South Dakota finally gets a full-time rabbi

Chabad rabbi and family move to Sioux Falls to serve state’s few hundred Jews; first event is a menorah lighting

Rabbi Mendel Alperowitz and wife Mussie strolling with their two daughters in Brooklyn, Nov. 25, 2016. (Chabad.org/JTA)
Rabbi Mendel Alperowitz and wife Mussie strolling with their two daughters in Brooklyn, Nov. 25, 2016. (Chabad.org/JTA)

A rabbi and his family have moved to South Dakota, giving the state its only full-time rabbi.

Rabbi Mendel Alperowitz and wife Mussie, along with their children, arrived on December 24 in Sioux Falls, where they will open a Chabad center.

The rabbi, who moved from Brooklyn, visited the state twice before deciding to move there.

“What actually happened, people were so excited and so appreciated what we were doing, so kind to us and really inviting us to come and move here,” Alperowitz told the local television station KSFY.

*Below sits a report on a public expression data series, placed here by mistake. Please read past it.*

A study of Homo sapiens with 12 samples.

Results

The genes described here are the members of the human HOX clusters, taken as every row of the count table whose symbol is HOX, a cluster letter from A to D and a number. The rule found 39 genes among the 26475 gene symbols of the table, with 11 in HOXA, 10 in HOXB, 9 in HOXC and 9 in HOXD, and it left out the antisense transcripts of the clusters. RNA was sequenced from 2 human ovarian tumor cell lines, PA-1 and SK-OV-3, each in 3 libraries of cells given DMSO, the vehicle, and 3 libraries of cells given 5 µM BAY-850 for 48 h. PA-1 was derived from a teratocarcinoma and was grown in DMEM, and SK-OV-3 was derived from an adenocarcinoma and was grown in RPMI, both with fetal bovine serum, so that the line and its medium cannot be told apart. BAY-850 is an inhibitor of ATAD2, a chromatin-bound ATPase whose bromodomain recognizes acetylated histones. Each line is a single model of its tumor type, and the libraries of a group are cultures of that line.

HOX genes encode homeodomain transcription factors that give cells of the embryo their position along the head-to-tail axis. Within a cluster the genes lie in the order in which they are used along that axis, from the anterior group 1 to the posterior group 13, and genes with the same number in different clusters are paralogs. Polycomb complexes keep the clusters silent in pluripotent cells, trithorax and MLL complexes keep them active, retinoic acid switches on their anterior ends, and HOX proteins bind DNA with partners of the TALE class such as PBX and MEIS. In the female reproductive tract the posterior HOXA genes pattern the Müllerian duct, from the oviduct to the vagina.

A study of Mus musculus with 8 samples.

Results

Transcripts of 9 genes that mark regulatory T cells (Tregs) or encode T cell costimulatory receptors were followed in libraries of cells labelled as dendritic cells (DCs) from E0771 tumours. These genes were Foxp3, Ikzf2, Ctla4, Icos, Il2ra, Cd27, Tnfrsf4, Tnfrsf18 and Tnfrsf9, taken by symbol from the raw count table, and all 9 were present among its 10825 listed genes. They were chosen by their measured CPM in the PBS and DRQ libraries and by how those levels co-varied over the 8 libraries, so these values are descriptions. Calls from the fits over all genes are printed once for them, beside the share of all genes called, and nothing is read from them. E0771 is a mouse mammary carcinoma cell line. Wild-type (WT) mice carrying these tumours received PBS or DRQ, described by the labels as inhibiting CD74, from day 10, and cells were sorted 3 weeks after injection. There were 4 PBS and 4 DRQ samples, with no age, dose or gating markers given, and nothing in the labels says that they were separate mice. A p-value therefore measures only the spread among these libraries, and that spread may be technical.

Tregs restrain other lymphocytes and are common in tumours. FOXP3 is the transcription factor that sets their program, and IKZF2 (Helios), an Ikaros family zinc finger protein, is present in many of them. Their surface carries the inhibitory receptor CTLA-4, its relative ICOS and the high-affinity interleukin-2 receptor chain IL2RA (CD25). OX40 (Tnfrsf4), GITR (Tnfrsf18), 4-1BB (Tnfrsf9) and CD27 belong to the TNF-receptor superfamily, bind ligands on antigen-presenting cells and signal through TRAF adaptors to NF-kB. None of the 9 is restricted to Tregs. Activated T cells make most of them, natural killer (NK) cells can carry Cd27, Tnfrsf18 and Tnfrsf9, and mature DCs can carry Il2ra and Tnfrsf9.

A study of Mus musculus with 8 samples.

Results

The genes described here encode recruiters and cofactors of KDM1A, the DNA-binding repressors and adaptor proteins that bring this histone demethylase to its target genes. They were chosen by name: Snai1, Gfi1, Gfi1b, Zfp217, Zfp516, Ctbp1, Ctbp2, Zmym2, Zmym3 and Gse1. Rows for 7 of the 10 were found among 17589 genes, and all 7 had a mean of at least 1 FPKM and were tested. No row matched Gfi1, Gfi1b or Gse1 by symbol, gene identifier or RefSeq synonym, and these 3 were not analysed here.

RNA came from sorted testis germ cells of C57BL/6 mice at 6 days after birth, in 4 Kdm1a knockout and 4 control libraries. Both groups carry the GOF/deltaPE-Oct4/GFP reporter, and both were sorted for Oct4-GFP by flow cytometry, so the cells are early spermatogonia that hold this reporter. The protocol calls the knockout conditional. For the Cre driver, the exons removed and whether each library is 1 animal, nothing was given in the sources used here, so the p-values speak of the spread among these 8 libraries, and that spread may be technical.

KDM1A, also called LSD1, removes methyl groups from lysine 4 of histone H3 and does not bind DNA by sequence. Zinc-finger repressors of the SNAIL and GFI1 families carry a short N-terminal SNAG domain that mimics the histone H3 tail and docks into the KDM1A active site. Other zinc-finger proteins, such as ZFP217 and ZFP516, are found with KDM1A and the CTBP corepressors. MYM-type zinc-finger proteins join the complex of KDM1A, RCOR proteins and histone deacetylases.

“We never thought we’d do that. I came back another two times, visited with people. Each time I was welcomed so warmly. People across Sioux Falls and the great state of South Dakota, Jews and non-Jews, were so warm and welcoming that we decided, we want to make this home,” he said.

The number of Jews residing in South Dakota is estimated to be about 400, but Alperowitz estimated it may be as high as 1,000, with many arriving in recent years to work in the state’s growing financial and health care industries, according to Chabad.org.

Though they will be based in Sioux Falls, the couple plan to travel to other Jewish communities in South Dakota and visit Jewish individuals throughout the state, including prisoners.

There are two active Reform synagogues in the state, Mt. Zion in Sioux Falls and the Synagogue of the Hills in Rapid City. Neither has a full-time rabbi.

The couple is planning a public community menorah lighting on Wednesday night, with the mayor of Sioux Falls expected to attend.